On Sunday afternoon the typical Stella’s lunch rush was but a trickle; with only a dozen flights scheduled for the rest of the day, the departures floor and its nine-year restaurant tenant were marked by a typical COVID-19 quiet. A few travellers lingered in booths, others grabbed coffees to-go, but the typically bustling café was still quieter-than-normal.
Wendy Robson, who works in the airport, comes to the Stella’s at least once or twice a week and noted business at the café has been down significantly as flight traffic plummeted with travel restrictions .
"It’s the only good place to eat, really," she said outside the restaurant Sunday.
She might try Freshii, or the Tim Hortons on the arrivals floor, but the loss of her regular lunch spot came as a disappointment — though not a big surprise.
"I’m sure it’s very difficult for any restaurants to do well," she said.
Emmerson Bader stops at Stella’s two or three times a year when flying through the city to visit family in Brandon.
He’s travelling less this year, owing to the coronavirus, and was saddened to hear the familiar café would be closed the next time he passes through.
"I’m surprised to hear they’re closing," said Bader, who knows the business owners personally. "I’ll have to give the owner a call."
In a statement Friday, the company cited declining business due to the pandemic as the reason for the closure.
"Unfortunately, due to the severe decline in air traffic and the long-term outlook resulting from the COVID-19 pandemic, it is with very heavy hearts that we must announce the difficult decision to close the Stella’s airport location," said Rob Del Grosso, vice-president at Stella’s, in the statement.
Staff at the airport will be given opportunities to find work at other Stella’s locations, the statement added.
The airport anticipates traffic of less than two million passengers both this year and next, said Tyler MacAfee, vice-president of communications and government relations for the Winnipeg Airport Authority, in an interview Sunday.
Though the airport passed through the lowest points of its air-traffic decline in April and is seeing modest increases in travel, normalcy is still a long way off.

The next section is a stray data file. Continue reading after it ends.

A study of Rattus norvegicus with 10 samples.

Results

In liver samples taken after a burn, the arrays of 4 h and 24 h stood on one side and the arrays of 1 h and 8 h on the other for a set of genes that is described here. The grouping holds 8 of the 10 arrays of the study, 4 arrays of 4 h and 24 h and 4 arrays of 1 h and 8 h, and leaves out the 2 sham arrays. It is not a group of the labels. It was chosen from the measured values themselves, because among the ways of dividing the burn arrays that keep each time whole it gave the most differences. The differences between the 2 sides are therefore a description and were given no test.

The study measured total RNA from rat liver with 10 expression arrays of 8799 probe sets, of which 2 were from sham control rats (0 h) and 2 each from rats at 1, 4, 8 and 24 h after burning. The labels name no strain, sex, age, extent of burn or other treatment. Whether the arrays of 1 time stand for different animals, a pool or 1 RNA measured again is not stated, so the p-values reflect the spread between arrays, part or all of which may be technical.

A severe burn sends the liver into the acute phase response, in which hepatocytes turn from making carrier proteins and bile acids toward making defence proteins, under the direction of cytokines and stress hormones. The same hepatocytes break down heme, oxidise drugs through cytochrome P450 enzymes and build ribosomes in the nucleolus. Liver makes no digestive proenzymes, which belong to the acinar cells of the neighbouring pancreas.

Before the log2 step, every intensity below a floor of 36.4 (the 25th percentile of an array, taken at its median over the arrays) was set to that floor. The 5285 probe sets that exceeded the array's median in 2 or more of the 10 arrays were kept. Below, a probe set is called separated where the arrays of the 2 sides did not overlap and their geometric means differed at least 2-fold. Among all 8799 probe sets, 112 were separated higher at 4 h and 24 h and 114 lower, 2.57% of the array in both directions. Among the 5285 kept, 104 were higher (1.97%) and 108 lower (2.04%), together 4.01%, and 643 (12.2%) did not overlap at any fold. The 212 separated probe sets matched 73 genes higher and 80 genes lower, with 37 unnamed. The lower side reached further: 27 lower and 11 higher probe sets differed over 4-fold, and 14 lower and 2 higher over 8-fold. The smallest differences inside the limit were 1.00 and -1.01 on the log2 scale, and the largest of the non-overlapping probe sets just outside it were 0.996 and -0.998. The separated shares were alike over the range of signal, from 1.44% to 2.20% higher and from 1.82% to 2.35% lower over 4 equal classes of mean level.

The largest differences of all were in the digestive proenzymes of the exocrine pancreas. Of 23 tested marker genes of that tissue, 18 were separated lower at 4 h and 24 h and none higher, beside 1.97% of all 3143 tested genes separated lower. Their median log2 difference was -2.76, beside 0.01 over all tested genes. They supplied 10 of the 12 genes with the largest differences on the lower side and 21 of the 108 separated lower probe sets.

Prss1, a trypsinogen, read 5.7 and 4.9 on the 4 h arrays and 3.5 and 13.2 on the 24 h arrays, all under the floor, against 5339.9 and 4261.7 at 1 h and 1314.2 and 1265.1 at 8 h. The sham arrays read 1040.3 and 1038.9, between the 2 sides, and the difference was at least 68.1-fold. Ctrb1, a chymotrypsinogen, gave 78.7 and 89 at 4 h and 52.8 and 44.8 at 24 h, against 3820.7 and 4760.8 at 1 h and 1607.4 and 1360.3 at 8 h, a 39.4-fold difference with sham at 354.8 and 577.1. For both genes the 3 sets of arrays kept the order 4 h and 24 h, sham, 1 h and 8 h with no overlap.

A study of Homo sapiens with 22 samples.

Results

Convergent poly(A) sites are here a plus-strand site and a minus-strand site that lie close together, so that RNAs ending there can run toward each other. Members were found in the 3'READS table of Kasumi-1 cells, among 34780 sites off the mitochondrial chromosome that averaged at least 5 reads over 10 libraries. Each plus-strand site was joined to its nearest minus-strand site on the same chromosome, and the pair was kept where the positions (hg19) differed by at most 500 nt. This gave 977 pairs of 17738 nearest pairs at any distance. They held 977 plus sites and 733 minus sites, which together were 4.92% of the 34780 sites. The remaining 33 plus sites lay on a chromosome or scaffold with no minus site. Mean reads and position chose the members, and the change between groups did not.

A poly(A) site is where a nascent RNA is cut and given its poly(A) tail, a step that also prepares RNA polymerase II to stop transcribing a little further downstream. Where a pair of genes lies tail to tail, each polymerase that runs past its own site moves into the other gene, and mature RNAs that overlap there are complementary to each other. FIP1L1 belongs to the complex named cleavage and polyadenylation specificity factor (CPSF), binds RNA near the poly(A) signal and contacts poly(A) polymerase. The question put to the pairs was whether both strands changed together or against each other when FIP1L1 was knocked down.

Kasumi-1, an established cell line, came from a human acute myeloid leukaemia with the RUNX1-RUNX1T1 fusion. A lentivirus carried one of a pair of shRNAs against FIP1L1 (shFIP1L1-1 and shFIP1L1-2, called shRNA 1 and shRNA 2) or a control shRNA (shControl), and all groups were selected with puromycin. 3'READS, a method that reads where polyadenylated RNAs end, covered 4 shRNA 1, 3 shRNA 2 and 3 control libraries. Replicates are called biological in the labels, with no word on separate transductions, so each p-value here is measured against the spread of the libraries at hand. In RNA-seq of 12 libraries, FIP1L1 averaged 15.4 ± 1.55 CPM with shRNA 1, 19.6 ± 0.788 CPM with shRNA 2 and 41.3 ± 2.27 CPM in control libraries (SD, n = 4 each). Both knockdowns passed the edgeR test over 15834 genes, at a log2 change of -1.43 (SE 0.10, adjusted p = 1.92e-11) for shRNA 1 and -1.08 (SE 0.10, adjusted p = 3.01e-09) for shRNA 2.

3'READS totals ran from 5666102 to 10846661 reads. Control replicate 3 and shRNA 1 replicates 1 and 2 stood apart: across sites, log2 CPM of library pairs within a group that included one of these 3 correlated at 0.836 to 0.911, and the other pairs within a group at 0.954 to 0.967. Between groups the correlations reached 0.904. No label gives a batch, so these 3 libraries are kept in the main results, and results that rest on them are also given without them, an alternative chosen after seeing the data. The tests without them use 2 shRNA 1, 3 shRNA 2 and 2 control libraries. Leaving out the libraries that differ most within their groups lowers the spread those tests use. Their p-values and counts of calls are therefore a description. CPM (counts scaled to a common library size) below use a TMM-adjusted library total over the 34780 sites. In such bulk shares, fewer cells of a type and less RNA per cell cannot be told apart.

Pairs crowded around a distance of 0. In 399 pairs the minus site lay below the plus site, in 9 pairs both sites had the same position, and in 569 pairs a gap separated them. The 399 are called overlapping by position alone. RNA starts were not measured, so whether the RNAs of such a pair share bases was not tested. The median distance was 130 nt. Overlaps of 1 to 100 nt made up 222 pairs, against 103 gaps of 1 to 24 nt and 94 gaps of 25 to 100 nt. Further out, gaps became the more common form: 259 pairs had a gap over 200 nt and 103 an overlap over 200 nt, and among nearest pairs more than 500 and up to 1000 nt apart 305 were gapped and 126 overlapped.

"Typically in the fall is when you see a lot of the business travel… but with that being restricted we’re not anticipating an increase in traffic in the fall," MacAfee said.
"That’s going to leave businesses with that decision to make of what the future looks like for them."
Concessions at the airport are managed through a contract with SSP Group, who specialize in airport food services, and set parameters like rent with the airport’s food and beverage tenants. MacAfee said while SSP directly manages contracts like Stella’s it’s expected that airport concessions at Winnipeg Richardson will continue to reflect low travel numbers for quite some time.
"Every concession kind of has a different need to justify being open, so they’re going to take a look at that and see as the traffic slowly starts to come back," he said. "There’s still some that are closed and will probably be closed for a while."
While staff at Stella’s were unable to comment on the loss of one of the airport’s longest-standing food services, MacAfee noted the café has been a staple at the Winnipeg airport since the terminal opened and would be missed by travellers and staff alike.
"From families who are saying goodbye to each other and getting that last breakfast before someone heads off on a plane, you see air crews there getting a coffee before they take off, even just employees of the airport who get together over lunch, those are all great things at Stella’s," MacAfee said.
While some airport restaurants plan to reopen in the near future, MacAfee said the airport authority will be on the lookout for a concession option to replace the Stella’s location.
Julia-Simone Rutgers is a general-assignment reporter.